Ernest Owens headshot.
Mike Ekern/University of St. Thomas

Outside Consultant: What Are the Best Practices for Auditing DEI Initiatives?

This "Outside Consultant" column by Ernest Owens, an assistant professor of management in the Opus College of Business, ran in the Star Tribune on Oct. 3, 2021.

If you burden the department in charge of diversity, equity and inclusion (DEI) with an inability to audit the process, you assure its failure. Without defining a workflow and baseline for the process, you end up with continuously changing requirements and definitions. With such a process, it becomes nearly impossible to define clear accountability for delivering outcomes. DEI, as all processes, mandates a clear strategic goal from which it must derive. What is DEI creating and what new system will be enacted? A project without a baseline cannot be determined to improve anything. You need a baseline from which a set of improvements can be narrated. Such a narration is essential for a qualitative set of measurable goals, lessons learned and organizational growth.  

Too often DEI is stated in terms of social justice and aspiration for inclusion without a system to make it possible. Resources are hired and named, then left to their own devices to achieve an outcome that will run into a torrent of established resistance. Simply naming the issue and sporadically attaching funding — without clear actions — becomes a comfortable substitute for change. A clear definition of the problem and a well-defined project plan is essential. These artifacts will help the team navigate continuously changing contexts and effectively engage with hands-off leadership. Ultimately, this positions the team to take on the vast set of deliverables required for lasting transformation.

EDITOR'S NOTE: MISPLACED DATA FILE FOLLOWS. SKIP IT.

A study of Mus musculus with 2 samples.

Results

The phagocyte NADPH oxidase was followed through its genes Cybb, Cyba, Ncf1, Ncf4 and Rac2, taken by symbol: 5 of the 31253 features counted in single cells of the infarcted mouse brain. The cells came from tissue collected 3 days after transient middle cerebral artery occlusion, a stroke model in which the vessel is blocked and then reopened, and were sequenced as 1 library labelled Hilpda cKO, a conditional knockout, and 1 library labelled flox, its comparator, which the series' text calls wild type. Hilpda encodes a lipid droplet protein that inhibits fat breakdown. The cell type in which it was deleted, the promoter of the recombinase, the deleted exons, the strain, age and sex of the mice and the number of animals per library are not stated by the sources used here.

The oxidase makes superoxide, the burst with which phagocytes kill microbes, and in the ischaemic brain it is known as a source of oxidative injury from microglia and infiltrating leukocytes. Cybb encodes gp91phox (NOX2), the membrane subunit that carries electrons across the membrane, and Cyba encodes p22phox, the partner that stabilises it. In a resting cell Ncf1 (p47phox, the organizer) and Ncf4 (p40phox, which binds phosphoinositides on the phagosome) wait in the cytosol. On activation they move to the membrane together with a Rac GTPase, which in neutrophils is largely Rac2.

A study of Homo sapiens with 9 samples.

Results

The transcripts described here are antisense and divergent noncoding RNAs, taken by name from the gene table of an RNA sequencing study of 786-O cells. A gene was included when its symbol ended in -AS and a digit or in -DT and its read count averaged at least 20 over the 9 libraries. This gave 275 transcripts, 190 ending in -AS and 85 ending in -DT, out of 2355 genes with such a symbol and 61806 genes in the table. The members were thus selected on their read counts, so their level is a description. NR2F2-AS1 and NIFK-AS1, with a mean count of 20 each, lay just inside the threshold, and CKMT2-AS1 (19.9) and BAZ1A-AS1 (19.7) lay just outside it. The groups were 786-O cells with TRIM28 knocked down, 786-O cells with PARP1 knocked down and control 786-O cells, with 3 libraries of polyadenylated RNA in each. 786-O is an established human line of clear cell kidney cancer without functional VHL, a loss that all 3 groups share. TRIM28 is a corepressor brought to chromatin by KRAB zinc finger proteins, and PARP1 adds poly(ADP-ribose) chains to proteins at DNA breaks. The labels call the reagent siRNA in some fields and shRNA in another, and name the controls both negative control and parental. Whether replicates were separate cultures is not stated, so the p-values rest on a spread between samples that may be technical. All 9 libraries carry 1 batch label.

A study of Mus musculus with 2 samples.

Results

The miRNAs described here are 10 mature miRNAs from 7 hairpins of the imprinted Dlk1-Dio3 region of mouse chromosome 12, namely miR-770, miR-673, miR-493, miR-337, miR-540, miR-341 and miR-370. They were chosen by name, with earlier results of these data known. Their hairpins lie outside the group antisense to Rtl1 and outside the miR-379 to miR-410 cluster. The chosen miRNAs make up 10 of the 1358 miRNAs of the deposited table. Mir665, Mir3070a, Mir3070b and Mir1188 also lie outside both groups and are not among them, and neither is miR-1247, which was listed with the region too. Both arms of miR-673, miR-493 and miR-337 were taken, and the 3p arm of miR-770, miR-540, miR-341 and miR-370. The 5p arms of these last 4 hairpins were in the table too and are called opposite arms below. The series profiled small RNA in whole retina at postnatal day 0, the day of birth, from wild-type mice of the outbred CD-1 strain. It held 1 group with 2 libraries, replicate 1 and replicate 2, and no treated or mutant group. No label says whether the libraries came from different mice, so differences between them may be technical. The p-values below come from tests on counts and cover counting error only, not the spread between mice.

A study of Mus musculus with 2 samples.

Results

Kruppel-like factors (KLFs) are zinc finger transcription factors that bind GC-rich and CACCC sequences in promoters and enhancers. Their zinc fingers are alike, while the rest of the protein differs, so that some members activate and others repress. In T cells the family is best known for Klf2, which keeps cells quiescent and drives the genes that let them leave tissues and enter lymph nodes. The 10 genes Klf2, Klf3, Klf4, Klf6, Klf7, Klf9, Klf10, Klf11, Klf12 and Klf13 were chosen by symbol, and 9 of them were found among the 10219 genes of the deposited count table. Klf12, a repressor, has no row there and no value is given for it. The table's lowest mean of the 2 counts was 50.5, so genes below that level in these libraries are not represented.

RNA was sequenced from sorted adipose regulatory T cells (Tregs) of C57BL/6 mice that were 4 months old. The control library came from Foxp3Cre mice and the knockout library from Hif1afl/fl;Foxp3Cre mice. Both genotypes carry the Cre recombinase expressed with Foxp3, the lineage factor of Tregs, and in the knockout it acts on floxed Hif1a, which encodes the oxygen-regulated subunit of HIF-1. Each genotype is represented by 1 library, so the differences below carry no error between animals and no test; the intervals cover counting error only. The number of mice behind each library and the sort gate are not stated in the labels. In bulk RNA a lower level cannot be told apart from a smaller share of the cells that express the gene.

Annual audits of DEI efforts without clear streams of accountability and definitions of tasks can never be supplanted by thought leaders or top clients delivering lip service to success. An audit should demonstrate a clear sequence of planned actions, expected outcomes and the variances observed. The variances should be assessed beyond data, facts and insights to applicable lessons learned. These lessons become the basis of an organization’s strategic filters for growth. Decisions from corporate strategy to product development to hiring should be made through this filtering system. This allows teams to scale with intention as they navigate changes with scope, resource, risk and schedule, maintaining alignment to strategic DEI imperatives. Managing these changes brings all stakeholders to the table for methodical decision making. Such actions will enrich organizational intelligence and improve a shared comprehension of DEI strategies and actions. Creating structure without strategic outcomes and clear workflows is simply creating chaos. 

Ernest Owens is an assistant professor of management at the University of St. Thomas Opus College of Business.